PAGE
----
Bird News by Jason Loghry with Nial Moores and Ha Jung Moon
Conditions were Spring-like with a clear sky, a moderate breeze in the morning, and a temperature reaching 18 °C. Our first stop was a location of previously recorded Scaly-sided Merganser. Instead of finding Scalies in their natural habitat, we found river banks being destroyed and turned into a construction site. It’s always devastating to see this kind of loss. The only birds to be seen here were a few Japanese Wagtail.
Moving on, we visited near Imha Dam, where we found a pair of loafing Scaly-sided Mergansers. This type of habitat is atypical for the species. We also found Common Merganser, an Arctic Loon (NM & HJM), Mandarin Duck, Smew, Mallard, and Spot-billed Duck. Raptors seen include White-tailed Eagle and Eurasian Sparrowhawk.
We were able to get great views of a few Eurasian Bullfinches (rosacea), Naumann’s Thrush, and Dusky Thrush. Grey-capped Greenfinches were numerous and actively singing. Siskins, Bramblings, Long-tailed Tit, Eastern Great Tit, and Marsh Tit were foraging in a patch of tall pine trees. And then the morning quickly took an exciting turn when we heard what sounded very much like a Chinese Nuthatch. Seconds later, a remarkable find (first by Dr. Moores), a Yellow-bellied Tit (+1).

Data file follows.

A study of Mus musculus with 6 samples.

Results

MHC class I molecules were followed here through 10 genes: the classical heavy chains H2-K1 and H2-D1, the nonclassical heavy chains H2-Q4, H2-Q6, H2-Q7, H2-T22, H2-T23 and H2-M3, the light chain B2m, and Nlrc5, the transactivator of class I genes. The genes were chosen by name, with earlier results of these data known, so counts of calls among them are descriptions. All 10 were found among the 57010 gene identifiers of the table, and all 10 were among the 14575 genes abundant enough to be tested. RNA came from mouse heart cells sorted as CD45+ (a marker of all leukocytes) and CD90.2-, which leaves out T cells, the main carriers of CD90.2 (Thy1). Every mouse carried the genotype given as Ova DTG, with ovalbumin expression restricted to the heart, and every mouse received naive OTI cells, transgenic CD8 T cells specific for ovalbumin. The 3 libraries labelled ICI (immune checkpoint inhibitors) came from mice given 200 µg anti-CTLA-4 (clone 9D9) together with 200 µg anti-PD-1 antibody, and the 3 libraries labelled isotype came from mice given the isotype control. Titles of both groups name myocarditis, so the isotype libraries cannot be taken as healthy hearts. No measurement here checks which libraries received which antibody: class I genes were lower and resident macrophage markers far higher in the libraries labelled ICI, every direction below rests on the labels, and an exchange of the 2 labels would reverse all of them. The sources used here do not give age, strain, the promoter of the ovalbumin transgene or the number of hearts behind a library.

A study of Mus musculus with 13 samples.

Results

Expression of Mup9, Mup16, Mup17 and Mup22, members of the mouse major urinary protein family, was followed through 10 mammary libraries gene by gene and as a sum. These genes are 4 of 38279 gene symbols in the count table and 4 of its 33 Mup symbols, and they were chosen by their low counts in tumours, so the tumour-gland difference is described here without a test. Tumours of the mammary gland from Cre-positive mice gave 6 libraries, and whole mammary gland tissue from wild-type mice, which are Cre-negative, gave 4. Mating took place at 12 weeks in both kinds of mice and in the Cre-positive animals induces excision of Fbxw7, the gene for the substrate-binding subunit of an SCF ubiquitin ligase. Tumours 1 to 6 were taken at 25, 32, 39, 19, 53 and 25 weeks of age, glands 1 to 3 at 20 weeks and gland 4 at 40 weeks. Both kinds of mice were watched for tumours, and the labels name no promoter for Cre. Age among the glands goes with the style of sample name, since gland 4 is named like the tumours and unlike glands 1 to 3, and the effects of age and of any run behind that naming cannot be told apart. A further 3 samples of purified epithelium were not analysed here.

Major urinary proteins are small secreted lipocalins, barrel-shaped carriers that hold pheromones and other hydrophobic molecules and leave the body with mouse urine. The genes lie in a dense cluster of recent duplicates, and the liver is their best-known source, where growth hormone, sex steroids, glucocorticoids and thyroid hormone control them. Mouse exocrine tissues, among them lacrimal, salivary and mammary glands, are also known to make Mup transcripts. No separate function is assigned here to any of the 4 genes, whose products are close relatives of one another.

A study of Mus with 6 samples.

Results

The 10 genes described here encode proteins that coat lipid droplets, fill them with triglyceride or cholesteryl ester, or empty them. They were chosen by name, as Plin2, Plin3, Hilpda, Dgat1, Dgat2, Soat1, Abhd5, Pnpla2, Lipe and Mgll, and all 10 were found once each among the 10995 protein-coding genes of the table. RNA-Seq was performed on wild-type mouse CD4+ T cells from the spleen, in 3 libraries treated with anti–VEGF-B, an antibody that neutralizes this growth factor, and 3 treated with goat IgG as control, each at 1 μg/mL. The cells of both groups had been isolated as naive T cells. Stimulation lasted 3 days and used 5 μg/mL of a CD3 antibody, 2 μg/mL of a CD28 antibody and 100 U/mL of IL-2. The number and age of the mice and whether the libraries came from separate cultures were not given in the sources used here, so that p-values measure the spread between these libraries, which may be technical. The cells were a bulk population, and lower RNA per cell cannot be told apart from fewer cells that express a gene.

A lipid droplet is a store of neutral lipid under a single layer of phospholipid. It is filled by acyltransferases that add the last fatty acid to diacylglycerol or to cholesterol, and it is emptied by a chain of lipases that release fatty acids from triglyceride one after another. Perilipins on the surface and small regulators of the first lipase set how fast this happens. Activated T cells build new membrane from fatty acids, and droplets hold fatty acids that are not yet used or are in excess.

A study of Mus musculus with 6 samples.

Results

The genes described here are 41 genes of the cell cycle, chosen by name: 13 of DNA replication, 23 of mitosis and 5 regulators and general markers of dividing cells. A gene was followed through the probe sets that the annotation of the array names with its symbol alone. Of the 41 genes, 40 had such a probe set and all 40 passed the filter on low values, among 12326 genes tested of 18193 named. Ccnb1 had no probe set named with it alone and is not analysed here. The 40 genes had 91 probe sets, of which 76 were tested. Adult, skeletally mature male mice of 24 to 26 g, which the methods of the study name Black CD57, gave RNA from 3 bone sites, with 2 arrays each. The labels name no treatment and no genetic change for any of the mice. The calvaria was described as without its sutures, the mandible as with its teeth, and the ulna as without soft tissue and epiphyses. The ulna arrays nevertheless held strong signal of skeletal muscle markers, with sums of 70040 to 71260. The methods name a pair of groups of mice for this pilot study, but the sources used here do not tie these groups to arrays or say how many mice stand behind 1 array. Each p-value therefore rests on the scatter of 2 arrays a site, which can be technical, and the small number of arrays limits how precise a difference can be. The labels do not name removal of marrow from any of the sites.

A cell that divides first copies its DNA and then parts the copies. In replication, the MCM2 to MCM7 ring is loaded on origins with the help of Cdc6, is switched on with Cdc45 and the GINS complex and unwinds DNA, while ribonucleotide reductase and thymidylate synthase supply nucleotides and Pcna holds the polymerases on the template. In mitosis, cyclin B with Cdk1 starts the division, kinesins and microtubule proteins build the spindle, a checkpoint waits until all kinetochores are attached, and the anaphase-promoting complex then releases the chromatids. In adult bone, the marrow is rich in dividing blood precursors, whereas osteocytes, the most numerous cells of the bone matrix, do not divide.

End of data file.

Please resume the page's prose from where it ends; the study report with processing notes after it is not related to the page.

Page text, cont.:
Other birds include Long-tailed Rosefinch, Pallas’s Rosefinch, Hawfinch, Grey-headed Woodpecker, Great Spotted Woodpecker, and Siberian Accentor.
In the afternoon, at the national forest museum, we were able to observe another interesting find, an adult male griseiventris Eurasian Bullfinch, foraging with three other males and a female (rosacea). Hoping for more, we explored the park thoroughly. Unfortunately, the rest of the park turned out to be rather quiet, bird-wise. There were two raptors, a Northern Goshawk and an Eastern Buzzard, a few Pallas’s Rosefinch, some Brambling, Siskin, Goldcrest, Coal Tit, Varied Tit, Japanese Pygmy Woodpecker, but all in low numbers.